On February 18, 2020, New Jersey Governor Phil Murphy unveiled a sweeping proposal that significantly strengthens the New Jersey Law Against Discrimination. The proposed legislation was the result of a two year study of workplace employment discrimination and sexual harassment conducted by the New Jersey Division on Civil Rights. It also mirrors the current societal shift in attitudes about workplace discrimination and sexual harassment. Employers need to be cognizant of these proposed changes and the current climate.
If enacted, New Jersey would require all employers to provide anti-discrimination and anti-harassment training. The New Jersey Supreme Court held that trial court should consider whether or not an employer made training available to supervisors and all employees when deciding whether or not an employer has been negligent in preventing sexual harassment. This proposed change would require training.
If enacted, New Jersey would be following in the footsteps of a handful of states, like California, Connecticut, Delaware, Maine, and New York in requiring that employers provide anti-discrimination and anti-harassment training. Even if this legislation is not enacted, I recommend based upon the current case law in New Jersey that employers provide yearly anti-discrimination and anti-harassment training. It’s relatively inexpensive and not overly burdensome to do so.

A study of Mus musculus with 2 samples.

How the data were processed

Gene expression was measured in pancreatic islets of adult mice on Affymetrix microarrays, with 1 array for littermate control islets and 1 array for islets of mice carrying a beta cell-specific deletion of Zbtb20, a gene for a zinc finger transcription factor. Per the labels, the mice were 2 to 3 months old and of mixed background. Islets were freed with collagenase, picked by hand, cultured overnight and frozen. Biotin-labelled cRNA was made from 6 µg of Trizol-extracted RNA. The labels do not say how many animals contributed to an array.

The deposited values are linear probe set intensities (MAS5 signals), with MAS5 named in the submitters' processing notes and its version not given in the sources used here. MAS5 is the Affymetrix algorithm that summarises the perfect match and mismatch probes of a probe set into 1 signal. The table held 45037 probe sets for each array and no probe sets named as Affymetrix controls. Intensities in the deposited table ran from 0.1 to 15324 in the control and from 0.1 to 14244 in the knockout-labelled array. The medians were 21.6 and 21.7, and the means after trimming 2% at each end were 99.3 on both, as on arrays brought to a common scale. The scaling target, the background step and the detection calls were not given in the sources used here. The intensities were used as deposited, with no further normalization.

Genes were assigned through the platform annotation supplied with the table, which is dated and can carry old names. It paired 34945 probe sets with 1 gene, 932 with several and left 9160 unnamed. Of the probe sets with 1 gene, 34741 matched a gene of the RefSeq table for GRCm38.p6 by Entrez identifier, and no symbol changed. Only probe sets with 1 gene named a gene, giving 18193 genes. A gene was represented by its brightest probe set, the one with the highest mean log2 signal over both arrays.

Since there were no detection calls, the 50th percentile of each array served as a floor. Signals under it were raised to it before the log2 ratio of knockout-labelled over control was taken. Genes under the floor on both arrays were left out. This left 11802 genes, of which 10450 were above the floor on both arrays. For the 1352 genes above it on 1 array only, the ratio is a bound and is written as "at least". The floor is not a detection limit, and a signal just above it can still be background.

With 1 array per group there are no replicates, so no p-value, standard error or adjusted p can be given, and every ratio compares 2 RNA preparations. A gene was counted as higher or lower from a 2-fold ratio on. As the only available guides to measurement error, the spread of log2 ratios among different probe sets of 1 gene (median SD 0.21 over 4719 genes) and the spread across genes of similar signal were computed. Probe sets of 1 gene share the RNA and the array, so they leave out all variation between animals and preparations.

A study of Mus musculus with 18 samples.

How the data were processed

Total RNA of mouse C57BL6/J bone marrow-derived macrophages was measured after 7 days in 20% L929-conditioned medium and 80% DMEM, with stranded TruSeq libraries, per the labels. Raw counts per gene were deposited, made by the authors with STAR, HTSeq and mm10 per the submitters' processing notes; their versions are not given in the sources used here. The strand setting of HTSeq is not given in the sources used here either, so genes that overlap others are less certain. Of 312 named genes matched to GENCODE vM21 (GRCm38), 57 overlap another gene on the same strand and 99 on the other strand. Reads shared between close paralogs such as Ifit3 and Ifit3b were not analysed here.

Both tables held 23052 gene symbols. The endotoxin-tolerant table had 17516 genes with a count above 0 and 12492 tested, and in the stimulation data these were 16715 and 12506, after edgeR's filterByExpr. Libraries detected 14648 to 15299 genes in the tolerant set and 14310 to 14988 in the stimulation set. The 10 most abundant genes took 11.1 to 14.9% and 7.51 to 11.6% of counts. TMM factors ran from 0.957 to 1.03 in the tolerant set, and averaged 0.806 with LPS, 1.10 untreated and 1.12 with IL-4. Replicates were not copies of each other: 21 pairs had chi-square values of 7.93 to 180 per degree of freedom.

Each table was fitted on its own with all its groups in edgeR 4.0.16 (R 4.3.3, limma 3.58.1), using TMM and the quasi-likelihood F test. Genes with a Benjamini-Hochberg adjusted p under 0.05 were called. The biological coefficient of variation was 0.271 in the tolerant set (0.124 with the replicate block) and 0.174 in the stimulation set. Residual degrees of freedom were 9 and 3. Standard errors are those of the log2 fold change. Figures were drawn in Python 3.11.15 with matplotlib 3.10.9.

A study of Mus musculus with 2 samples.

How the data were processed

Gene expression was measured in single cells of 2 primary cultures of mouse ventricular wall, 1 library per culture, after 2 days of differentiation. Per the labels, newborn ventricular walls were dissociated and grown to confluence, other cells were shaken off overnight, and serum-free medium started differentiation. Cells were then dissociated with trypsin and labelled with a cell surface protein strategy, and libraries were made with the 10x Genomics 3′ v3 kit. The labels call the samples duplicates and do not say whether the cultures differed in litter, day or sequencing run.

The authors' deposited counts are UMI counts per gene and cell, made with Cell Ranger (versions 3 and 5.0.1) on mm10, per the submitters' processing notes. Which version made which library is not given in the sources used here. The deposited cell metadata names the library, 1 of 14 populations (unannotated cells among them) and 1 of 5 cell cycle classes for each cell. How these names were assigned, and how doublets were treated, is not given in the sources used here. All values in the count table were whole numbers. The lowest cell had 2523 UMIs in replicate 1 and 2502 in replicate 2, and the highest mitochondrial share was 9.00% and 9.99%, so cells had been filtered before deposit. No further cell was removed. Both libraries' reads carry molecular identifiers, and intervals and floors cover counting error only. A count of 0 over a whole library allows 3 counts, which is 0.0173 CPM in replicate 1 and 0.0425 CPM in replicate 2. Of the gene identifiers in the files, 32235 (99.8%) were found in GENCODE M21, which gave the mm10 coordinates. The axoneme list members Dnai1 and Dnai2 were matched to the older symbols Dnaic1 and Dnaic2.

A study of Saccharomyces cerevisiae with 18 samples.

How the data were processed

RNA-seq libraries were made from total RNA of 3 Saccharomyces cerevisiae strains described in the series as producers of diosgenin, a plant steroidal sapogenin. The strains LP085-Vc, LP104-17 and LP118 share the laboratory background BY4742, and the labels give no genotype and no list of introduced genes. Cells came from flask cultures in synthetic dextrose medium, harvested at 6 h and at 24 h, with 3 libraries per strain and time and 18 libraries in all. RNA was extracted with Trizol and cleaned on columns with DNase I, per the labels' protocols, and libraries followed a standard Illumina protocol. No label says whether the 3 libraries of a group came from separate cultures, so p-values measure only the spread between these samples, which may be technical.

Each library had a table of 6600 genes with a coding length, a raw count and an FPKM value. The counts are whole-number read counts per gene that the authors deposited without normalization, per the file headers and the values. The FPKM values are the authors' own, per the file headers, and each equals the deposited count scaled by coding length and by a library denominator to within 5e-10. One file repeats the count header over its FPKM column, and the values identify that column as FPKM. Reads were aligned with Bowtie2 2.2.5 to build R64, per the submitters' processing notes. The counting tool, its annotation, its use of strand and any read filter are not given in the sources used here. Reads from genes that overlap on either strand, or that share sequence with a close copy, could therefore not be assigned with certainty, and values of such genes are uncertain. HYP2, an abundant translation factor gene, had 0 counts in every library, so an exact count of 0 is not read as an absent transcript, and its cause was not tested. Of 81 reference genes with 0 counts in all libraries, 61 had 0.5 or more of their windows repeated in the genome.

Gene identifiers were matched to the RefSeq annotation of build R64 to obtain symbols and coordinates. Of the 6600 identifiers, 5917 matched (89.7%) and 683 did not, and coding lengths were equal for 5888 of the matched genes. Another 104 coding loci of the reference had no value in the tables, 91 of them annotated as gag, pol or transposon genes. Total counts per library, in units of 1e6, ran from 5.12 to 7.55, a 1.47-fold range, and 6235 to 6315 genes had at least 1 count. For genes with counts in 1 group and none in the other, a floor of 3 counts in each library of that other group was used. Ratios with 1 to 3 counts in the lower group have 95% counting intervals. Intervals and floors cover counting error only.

The proposed legislation would also extend the statute of limitations. The current statute of limitations under the New Jersey Law Against Discrimination is two years. The proposed legislation, if enacted, would extend the period in which workers can assert a Law Against Discrimination Claim to three years and give workers an extra six months to file a complaint with the New Jersey Division on Civil Rights.
The proposed legislation would revise the legal framework for courts to assess whether or not conduct is “severe or pervasive” enough to constitute a violation of the Law Against Discrimination. Under this new proposed framework, one violation of the Law Against Discrimination (if it is severe enough) could result in liability.
Employers need to think about these proposed changes. If enacted, the legislation will give additional protections to employees. Hence, it is important for employers to be cognizant of these changes and the current climate. Failure to do so will likely expose the employer to liability.